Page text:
The Barossa Valley is perhaps Australia’s most well-known wine region. Many of the country’s largest producers – Penfolds, Yalumba, and Orlando among them – are based in Barossa Valley. Unlike most of Australia, where wine was introduced by the British and hewed to their wine-making philosophy, the Barossa Valley was settled largely by Germans. The region has gone through its ups and downs over the years – through much of the 20th century it fell out of favor as shiraz became an undesirable grape. Beginning in the 1980s, however, as shiraz began to make a comeback as Australia’s premiere wine, the Barossa Valley made a huge comeback, with its old-vine shiraz topping many lists.


Shiraz of the Barossa Valley is generally produced in the iconic Australian style – extremely hot temperatures lead to high sugar and low acid, which translate into bold, brash, high-alcohol wines. The west side of the valley is significantly more temperate, and here much of the old-vine shiraz is dry-farmed, with more moderate alcohol levels, and more nuanced flavor profiles. Some wines are furthered tempered by acidification, the addition of water to the must, and reverse osmosis, as well as very short maceration times – all of which lead to smoother, lower-alcohol wines.


aus_barossavalley02-smallAlthough the region is primarily known for shiraz, the western side of the valley is home to other wines as well, most notably riesling, chardonnay, mourvedre, and semillon. The German heritage of the region historically made riesling a very important grape in the region, but over time riesling production has drifted eastwards to the cooler Eden Valley and Barossa Ranges. Semillon has, in recent years, largely filled this niche. The region produces semillon out of a pink-skinned clone, very distinct from the French varietal.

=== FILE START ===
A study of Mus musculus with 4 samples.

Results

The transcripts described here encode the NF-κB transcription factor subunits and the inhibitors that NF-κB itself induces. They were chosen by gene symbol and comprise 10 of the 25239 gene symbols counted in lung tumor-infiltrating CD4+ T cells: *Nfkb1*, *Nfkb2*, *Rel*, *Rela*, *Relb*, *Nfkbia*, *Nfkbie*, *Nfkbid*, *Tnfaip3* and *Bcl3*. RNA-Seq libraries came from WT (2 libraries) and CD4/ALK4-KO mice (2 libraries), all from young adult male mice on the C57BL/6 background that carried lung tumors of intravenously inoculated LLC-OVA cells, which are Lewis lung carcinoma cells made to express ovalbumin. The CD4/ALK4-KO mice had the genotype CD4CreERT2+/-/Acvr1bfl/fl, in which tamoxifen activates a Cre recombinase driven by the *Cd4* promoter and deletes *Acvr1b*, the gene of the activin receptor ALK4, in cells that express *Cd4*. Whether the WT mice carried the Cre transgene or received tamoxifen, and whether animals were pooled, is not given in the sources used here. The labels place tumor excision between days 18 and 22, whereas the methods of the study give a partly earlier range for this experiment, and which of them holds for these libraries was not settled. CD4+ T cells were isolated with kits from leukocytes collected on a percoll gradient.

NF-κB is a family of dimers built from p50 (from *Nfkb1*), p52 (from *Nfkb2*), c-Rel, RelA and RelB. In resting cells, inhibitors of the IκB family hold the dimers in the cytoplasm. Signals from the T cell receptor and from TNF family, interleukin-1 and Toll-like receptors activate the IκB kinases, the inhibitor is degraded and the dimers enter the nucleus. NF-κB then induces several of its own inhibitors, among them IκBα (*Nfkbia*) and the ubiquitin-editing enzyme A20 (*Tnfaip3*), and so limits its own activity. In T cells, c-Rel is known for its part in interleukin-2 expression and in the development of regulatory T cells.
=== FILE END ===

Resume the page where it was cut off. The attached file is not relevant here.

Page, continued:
There are more than 150 wineries in the Barossa Valley, and more than 80 have tasting rooms and open cellars. Many more are willing to accommodate visitors by appointment, and a visitor can easily spend weeks tasting their way through the Valley. These include some of the best-known names in Australian wine – Penfolds is perhaps the most famous, but Charles Melton, Elderton, Henschke, and a number of other small-production, high-quality wineries are also found in the region.


Like many of the popular wine regions in Australia, the Barossa Valley is home to a well-developed Heritage network. Visitors can follow signs – either on foot or by car – to discover more about the history and legacy of the region, while tasting wine along the way. Visitor centers in both Tanunda and Gawler provide maps and information, and are open seven days a week.